Yesterday, when I went to my spiritual direction program at the Holy Spirit Retreat Center in Encino, the topic of the government shutdown came up at lunch. Yes, even in the midst of a day devoted to spirituality, we couldn't avoid politics! Everyone at my table expressed consternation about how the conservatives were behaving and were desperate and gloomy about the outcome of this latest DC poop storm. It seemed like hopeless impasse.
Then it occurred to me that exactly one month Pope Francis called on Christians around the world to fast and pray for a peaceful resolution of the Syrian conflict. This seemed almost quixotic: the President had drawn a "red line," our national prestige was at stake, and the US seemed hell-bent on attacking Syria and punishing Assad.
Nonetheless, many of us listened to the Pope: we fasted and prayed. I remember going to the Stillpoint lunch on Sept 6, and feeling the grinding pains of hunger in my gut as I watched others eat their lunch and desserts. I not only didn't eat, I didn't drink any water--and that's the hardest part, especially since September is super hot.
I was comforted (somewhat) by remembering Jesus' words: "Blessed are those who HUNGER and THIRST for justice."
Miraculously, our prayers were answered in ways that we couldn't have anticipated. Several days later, Putin made a game-changing proposal that took everyone by surprise. President Obama decided to change course and adopt a diplomatic rather than military approach. We aren't out of the woods yet, but for now our leaders are acting like grown ups.
It certainly helped that we barraged our elected officials with letters and took to the streets to protest, But I can't help thinking that prayer was a factor. God calls us to be peacemakers because God is a God of shalom.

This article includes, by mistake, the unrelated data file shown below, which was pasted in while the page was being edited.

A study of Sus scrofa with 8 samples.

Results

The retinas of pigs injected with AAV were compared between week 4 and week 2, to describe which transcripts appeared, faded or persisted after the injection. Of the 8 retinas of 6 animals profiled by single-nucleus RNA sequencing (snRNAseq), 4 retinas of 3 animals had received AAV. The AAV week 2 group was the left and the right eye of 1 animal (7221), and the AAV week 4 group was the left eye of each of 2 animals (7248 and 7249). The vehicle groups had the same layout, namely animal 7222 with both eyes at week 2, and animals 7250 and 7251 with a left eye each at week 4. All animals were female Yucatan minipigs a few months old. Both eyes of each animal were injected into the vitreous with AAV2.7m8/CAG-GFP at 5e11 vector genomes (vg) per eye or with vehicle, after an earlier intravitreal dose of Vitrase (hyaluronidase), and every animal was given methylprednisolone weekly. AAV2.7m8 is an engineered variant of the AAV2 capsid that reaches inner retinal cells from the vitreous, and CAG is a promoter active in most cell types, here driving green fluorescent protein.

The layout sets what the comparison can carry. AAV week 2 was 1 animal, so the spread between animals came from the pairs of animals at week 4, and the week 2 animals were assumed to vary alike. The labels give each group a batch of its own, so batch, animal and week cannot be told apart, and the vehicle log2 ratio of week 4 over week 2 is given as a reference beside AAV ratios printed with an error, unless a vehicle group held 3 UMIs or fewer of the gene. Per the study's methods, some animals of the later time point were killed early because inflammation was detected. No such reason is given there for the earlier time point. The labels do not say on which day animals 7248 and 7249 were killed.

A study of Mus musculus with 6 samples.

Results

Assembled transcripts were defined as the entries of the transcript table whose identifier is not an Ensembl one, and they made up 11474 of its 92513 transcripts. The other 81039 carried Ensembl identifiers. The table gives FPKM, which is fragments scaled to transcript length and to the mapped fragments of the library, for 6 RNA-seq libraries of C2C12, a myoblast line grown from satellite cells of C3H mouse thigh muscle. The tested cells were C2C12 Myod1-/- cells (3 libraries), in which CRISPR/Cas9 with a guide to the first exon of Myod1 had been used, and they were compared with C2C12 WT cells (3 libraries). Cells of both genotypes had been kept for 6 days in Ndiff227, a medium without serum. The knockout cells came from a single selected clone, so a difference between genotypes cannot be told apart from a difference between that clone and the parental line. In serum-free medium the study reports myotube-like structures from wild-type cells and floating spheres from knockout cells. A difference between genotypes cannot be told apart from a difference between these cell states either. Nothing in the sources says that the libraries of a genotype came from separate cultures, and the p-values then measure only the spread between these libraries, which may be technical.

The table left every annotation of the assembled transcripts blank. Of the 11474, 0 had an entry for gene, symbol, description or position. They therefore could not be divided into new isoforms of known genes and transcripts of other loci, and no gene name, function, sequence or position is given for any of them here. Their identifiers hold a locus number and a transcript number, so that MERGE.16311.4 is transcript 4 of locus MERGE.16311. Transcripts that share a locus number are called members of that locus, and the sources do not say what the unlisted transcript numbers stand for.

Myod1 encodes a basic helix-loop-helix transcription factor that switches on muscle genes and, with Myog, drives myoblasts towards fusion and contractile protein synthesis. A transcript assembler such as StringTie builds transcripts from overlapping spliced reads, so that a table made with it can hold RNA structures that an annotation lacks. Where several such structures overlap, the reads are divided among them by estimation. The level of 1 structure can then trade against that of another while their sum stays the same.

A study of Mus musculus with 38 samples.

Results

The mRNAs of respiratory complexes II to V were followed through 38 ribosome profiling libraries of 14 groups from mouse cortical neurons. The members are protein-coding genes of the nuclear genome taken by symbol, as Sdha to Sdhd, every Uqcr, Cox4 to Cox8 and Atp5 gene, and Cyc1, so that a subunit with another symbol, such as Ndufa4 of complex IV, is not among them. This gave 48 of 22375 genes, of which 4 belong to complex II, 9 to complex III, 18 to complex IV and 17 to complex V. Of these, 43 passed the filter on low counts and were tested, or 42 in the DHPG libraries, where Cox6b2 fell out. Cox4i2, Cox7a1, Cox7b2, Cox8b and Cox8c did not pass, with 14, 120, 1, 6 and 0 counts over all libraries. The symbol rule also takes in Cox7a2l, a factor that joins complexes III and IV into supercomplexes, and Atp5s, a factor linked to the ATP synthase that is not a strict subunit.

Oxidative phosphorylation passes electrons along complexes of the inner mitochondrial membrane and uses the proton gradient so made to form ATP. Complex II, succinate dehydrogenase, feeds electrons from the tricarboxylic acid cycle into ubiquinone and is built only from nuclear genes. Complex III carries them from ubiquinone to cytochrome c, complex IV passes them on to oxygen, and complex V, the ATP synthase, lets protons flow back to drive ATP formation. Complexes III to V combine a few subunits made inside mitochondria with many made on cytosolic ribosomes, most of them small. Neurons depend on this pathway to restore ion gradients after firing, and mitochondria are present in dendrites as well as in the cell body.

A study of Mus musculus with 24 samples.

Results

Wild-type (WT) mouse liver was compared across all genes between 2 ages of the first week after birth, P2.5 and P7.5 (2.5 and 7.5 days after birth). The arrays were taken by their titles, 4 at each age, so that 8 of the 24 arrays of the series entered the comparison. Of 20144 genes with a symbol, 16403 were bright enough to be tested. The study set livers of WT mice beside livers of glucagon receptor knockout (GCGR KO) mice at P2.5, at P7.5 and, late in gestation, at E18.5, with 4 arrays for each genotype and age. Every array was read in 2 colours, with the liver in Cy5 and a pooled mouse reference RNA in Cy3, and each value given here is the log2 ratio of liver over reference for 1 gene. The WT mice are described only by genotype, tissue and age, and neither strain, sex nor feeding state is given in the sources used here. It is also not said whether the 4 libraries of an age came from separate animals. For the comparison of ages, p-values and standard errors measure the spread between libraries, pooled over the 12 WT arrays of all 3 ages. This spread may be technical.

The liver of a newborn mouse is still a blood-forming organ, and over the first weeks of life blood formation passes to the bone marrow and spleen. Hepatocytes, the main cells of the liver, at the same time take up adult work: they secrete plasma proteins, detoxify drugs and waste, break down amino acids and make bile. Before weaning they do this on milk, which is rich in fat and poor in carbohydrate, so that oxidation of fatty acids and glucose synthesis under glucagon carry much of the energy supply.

I also know that God is on the side of the poor, and that God wants every one to have access to affordable health care---actually, free health care--as evidenced in the behavior of early Christians, who (unlike pagan spiritual healers) provided their services for free.
So I encourage you to pray for our leaders--for Ted Cruz, John Boener, Harry Reid, Barack Obama, and the rest. Remember each of them is made in God's image, each of them has a conscience and a spark of the Divine.
I'm glad that our Quaker lobby FCNL reminds us to write to our elected officials not in the spirit of anger and disgust (justifiable though those feelings may be), but as if there is "that of God" in those we are trying to reach and persuade. (See fcnl.org.)
Keep sending letters and doing what you can to let elected officials know how you feel about the shutdown, and about the Affordable Health Care Act. But don't minimize or dismiss the power of prayer.
Senator Ted Cruz prayed with a bunch of his followers in front of the White House in front of cameras. I won't judge how sincere he was. But I do know that Jesus told us such public prayers aren't worth much. What really matters to God is how we pray in secret, in the depths of our hearts. So let's hold in prayer our elected officials, and those in our country who are suffering because of poverty and a lack of affordable health care. Lord, I know you hear our prayers because it is You who inspired them!